In May 2010, two-month-old Rosleidi was rushed to the emergency room, severely ill and having difficulty breathing. Once her condition was stabilized, doctors informed Rosleidi’s worried mother, Roxana, that her daughter had Down syndrome and suffered from a host of congenital health problems that required immediate, complicated, and sustained medical care.
Roxana despaired. She knew that the family health insurance provided by her husband Edilberto’s job, combined with several other government health initiatives, could provide Rosleidi with the medical care she so desperately needed. In order to qualify for coverage under any of these programs, however, Rosleidi needed to possess a valid birth certificate issued by the Dominican Republic civil registry. For months Roxana had tried to get this document from her local registry office in San Pedro de Macorís—her first application was lodged just four days after Rosleidi’s March 5, 2010, birth—but her every request was denied.
Why? As explained to Roxana by local civil registry officials, she and her husband were “Haitians,” a status which meant that her daughter did not have the right to Dominican nationality, and, as a consequence, was not eligible to receive a Dominican birth certificate.
This explanation came as a shock to Roxana, who considered herself to be thoroughly Dominican. Yes, her parents had immigrated to the Dominican Republic from Haiti, but she was born on Dominican territory and had lived her entire life in the San Pedro de Macorís region. Shortly after she was born in 1982, the Dominican government issued her a birth certificate which, in accordance with the laws at the time, recognized her as a Dominican national.
As an adult, she was easily issued a national identity card which likewise recognized her Dominican citizenship. Her husband Edilberto’s life story was similar—he was the child of Haitian migrants who had settled permanently in the Dominican Republic, and he had been recognized as a Dominican citizen his entire life. Their two older children had also easily received birth certificates that identified them as Dominican nationals.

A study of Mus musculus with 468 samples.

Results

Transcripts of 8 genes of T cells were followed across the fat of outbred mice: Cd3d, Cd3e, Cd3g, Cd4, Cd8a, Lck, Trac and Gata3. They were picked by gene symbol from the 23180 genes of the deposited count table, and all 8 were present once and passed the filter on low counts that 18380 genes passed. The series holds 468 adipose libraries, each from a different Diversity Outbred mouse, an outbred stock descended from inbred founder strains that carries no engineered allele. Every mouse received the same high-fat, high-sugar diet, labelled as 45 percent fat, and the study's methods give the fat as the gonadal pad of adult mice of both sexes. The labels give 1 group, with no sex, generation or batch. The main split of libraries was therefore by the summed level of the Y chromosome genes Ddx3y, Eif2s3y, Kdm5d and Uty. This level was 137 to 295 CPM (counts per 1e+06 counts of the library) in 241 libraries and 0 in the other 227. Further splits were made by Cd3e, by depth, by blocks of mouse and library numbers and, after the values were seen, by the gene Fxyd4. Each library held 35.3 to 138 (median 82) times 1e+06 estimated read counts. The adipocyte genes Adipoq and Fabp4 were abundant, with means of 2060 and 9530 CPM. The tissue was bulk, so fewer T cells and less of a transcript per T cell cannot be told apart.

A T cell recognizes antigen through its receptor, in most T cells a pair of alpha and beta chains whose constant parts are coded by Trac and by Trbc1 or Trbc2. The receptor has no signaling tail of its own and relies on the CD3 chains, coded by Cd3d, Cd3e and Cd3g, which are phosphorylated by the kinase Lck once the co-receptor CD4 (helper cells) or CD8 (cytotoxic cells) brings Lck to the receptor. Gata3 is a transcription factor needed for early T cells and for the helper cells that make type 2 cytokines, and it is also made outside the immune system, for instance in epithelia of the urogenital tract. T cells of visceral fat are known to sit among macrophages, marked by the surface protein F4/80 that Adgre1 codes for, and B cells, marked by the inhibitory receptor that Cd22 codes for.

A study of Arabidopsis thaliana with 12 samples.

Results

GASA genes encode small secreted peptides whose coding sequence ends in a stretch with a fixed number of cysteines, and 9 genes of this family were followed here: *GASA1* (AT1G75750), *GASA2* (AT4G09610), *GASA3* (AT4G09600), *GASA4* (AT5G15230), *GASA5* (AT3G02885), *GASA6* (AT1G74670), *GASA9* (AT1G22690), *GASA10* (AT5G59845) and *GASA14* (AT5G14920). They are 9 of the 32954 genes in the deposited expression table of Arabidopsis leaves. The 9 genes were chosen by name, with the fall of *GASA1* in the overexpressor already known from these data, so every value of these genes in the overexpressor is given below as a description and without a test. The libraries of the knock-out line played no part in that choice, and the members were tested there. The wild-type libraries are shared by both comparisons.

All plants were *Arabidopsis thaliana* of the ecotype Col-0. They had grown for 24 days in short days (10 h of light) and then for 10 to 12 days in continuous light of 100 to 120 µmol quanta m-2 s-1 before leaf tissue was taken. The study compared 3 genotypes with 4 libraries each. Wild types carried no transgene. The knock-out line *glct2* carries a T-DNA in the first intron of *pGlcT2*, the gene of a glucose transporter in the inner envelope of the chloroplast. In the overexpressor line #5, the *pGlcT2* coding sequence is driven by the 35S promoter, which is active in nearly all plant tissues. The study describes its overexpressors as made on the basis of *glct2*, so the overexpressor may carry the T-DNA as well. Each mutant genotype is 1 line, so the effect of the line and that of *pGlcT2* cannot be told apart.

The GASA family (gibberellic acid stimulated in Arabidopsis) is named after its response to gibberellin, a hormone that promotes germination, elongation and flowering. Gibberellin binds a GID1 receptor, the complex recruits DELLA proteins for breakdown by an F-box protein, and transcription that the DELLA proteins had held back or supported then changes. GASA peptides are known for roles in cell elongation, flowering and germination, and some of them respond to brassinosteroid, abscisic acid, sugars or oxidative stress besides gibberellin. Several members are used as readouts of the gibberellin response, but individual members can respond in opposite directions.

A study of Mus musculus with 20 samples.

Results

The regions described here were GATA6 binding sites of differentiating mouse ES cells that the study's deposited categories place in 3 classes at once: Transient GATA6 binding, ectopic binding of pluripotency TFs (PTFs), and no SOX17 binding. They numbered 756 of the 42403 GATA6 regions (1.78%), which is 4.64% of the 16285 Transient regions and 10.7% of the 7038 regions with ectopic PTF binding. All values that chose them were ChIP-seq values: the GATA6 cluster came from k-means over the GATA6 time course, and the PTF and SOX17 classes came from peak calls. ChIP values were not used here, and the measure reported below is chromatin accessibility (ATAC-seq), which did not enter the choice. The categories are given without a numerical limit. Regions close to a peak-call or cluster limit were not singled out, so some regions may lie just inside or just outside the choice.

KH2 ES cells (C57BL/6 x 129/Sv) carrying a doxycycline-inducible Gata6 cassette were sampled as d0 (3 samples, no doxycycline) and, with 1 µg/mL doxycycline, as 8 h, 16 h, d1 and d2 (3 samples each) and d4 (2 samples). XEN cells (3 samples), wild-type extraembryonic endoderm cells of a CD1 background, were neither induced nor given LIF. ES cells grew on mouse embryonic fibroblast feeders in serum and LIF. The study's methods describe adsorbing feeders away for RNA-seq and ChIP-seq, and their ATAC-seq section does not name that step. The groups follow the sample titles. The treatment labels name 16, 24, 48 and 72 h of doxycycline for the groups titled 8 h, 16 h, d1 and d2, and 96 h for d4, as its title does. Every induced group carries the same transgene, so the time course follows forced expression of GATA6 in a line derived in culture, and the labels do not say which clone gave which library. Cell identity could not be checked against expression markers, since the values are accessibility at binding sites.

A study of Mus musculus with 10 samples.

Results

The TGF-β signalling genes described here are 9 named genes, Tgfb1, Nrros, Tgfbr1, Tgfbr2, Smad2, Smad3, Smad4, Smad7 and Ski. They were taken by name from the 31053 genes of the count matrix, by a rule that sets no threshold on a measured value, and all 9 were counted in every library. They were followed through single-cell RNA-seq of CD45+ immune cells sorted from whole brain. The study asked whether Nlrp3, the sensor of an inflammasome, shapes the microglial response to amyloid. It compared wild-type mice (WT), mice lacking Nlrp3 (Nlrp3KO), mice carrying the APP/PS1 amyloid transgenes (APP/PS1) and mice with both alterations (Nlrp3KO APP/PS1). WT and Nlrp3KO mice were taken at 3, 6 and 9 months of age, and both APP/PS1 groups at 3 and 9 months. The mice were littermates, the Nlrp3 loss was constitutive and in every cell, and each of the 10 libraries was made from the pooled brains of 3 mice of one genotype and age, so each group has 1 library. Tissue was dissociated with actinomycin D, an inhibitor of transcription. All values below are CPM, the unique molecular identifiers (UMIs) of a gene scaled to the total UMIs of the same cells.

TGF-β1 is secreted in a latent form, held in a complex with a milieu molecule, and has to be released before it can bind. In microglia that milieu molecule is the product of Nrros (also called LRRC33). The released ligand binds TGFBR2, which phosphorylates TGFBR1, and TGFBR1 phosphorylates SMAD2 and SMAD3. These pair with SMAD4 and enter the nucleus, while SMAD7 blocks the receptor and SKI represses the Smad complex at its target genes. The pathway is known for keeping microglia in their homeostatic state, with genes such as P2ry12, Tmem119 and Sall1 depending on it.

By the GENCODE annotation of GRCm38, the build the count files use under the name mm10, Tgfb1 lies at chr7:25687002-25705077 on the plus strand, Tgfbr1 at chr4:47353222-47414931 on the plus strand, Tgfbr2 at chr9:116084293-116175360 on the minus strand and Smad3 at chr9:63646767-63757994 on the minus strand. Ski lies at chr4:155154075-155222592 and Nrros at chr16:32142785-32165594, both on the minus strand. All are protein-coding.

But the Dominican government is now claiming that a 2004 migration law vacates Roxana and Edilberto’s claims to citizenship. That law prohibits children of “nonresidents”—including labor migrants with expired work permits, undocumented migrants, and people otherwise unable to prove their lawful residence in the country—from automatically acquiring Dominican nationality. While only meant to be applied prospectively, the law has been used by the Dominican government to denationalize Dominicans of Haitian descent who were granted Dominican nationality prior to its entry into force.
Such retroactive application runs counter to both national and international law, but this appears to matter little to the Dominican government. Throughout the country, untold numbers of Dominicans of Haitian descent who were once secure in their nationality are experiencing grave problems in accessing the personal identity documents (birth certificate copies, national identity cards, passports) that would prove their citizenship. The privation of such documents by the Dominican government has been accompanied by a severe deterioration in the ability of Dominicans of Haitian descent to enjoy their human rights to political participation, education, freedom of movement, family life, among others.
As evidenced by Rosleidi’s case, the negative effects of this retroactive denationalization policy have reverberated among second- and third-generation Dominicans of Haitian descent. Their parents’ citizenship questioned, thousands of young Dominican children of Haitian descent have been made stateless by the government’s refusal to register their birth or issue them birth certificates. Forced to pay the price for their grandparents’ migration status (something the Inter-American Court of Human Rights already found violate fundamental human rights in its landmark 2005 Yean and Bosico decision), they are officially nameless, nonexistent entities in the eyes of the state, which has condemned them to a life of vulnerability and exclusion in the only country they will ever call home.
Little Rosleidi died on August 13, 2011—never having received the birth certificate to which she was entitled by law, never having had the opportunity to seek the medical care she so desperately needed. Would that she were the only victim of the Dominican Republic’s discriminatory nationality policy, but until the government reverses course and begins to honor its human rights obligations, other children of Haitian descent will continue to suffer.